New seafront library makes no one happy

by Gazette Reporter

RESIDENTS and politicians have expressed their anger and disappointment over the scale, position and cost of the new €36.6m, 125ft-high Dun Laoghaire library.
Opposition to the building is shared – even amongst councillors who voted for the development in the first place.
At a meeting held on April 29 in the Royal Marine Hotel in Dun Laoghaire, around 200 residents expressed their opposition to the building’s cost, size and modern design and called for the whole development to be demolished.
Peter Kerrigan, owner of Celtic Invoice Discounting, who attended the meeting, said: “The councillors who voted for the library didn’t turn up.
“A big question is, do these councillors represent the people? The management of Dun Laoghaire-Rathdown Ratepayers Association is now putting four candidates forward for the local election. This decision was made on the back of how the council has ruined the town of Dun Laoghaire.”
“We want a regeneration of the town, and to ensure nothing like this happens again. We want to put life back into the town. We’re all business people, and not politicians. We want to highlight democracy, and question if the planning [for the library] was legal at all.”
Cllr John Bailey (FG), who voted for the project, said: “When we were shown the original drawings, it was indicated to us that it would be a three- or four-storey building, and when we saw the drawings we never envisaged it would be as high as the existing building is now. I think it’s far too high.”
He went on to say: “It’s a monstrosity now, and obscures the whole sea view and takes away from the visual character of the whole area. When we saw the original drawing, it looked totally different.
“It’s far too high, and I’m now calling for two or three storeys to be taken off it.”
Cllr Melisa Halpin (PBP) said: “All across the constituency, people are talking about the €36m that has been spent on the new library and cultural centre.
“People are angry at the utterly inappropriate size of this building on the seafront. They are angry that so much money has been spent on one project, when it could have been shared out over a number of projects.”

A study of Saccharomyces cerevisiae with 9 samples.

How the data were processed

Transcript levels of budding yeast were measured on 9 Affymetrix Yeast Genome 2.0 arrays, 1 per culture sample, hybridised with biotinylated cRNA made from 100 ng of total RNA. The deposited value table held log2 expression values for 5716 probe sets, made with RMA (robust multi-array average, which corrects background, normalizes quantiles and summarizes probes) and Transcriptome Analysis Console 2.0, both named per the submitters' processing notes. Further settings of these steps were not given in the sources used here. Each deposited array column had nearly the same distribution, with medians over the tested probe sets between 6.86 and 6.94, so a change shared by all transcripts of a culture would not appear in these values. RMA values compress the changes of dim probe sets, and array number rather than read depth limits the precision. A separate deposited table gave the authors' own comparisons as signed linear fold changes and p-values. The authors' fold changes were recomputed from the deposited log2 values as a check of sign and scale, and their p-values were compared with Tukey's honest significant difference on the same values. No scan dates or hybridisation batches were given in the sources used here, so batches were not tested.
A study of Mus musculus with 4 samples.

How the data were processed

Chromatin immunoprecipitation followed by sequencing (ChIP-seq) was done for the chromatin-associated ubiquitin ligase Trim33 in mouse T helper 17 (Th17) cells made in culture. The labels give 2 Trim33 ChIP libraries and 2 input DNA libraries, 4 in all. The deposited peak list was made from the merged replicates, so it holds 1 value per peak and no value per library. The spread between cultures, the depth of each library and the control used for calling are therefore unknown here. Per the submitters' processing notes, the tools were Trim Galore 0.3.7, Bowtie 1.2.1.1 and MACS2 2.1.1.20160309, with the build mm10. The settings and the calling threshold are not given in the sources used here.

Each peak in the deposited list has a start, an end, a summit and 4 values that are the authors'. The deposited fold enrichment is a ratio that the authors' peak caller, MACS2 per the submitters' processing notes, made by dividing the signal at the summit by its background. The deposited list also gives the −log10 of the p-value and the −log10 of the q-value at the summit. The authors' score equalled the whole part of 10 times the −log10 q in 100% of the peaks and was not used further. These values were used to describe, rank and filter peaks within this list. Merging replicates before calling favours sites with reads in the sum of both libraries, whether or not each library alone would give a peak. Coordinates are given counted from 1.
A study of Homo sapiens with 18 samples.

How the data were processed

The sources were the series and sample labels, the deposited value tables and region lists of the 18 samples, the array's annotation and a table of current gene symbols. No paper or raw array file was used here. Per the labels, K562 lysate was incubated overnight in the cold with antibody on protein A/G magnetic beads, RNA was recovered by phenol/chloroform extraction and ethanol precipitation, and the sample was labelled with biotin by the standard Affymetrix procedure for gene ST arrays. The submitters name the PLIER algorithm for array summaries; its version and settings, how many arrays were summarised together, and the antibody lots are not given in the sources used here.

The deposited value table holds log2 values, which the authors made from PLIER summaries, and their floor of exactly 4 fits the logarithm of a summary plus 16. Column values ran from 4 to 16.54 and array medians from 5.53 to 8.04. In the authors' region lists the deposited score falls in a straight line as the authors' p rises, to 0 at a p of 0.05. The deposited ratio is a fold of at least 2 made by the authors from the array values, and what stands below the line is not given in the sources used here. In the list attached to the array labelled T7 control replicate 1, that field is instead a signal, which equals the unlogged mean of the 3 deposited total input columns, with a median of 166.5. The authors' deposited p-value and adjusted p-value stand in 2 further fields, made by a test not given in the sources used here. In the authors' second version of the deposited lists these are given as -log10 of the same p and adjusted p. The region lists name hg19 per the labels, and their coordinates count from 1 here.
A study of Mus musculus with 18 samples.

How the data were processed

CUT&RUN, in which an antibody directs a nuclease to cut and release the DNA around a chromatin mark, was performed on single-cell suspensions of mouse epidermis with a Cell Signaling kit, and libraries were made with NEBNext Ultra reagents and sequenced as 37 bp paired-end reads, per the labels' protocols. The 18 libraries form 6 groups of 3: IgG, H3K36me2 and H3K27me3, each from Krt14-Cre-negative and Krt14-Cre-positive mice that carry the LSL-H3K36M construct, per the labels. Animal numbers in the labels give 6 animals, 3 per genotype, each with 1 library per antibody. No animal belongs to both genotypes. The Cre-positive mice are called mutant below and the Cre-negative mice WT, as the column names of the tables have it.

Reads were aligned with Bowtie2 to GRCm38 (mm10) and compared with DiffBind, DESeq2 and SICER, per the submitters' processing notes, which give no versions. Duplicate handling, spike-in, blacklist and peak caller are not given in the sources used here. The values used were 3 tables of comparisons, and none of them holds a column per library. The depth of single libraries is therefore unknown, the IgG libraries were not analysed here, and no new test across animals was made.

Some of the facilities the new central library and cultural centre will provide include an auditorium with retractable seating for 100 people, four specialist libraries, a main lending library, 100 parking spaces and other features.
It is expected that the library will be open to the public in September.
Michael Merrigan, Independent local election candidate for Dun Laoghaire, said: “The library spend was excessive and the location [of it] was a diabolical choice. They could have put it somewhere else, not on the seascape. People are hugely angered.”
A spokesperson for the council said: “The central library and cultural centre in Dun Laoghaire is by far the most significant piece of public infrastructure [to be added] in Dun Laoghaire for more than 100 years.
“Its construction will provide a major contribution to the regeneration of the town and to the county, and marks a significant milestone in the re-integration of the seafront with the main street of Dun Laoghaire.”
In response to the facility’s planning process, the council said: “This council is fully compliant with the planning process, which is set out in Part 8 of the Planning and Development Regulations 2001, as amended.
“The planning process [included the] plans referred to at the Dun Laoghaire Area Committee meeting on May 25, 2009 for the councillors’ information; [the plans being] put on public display in the council offices in Dun Laoghaire and Dundrum from August 10, 2009 to September 21, 2009.
“The public had a further two weeks to make a submission. Some 33 submissions were received. These submissions were considered and summarised and a comprehensive manager’s report was prepared for the council meeting on November 9, 2009.
“At this council meeting, the councillors approved the proposed development.”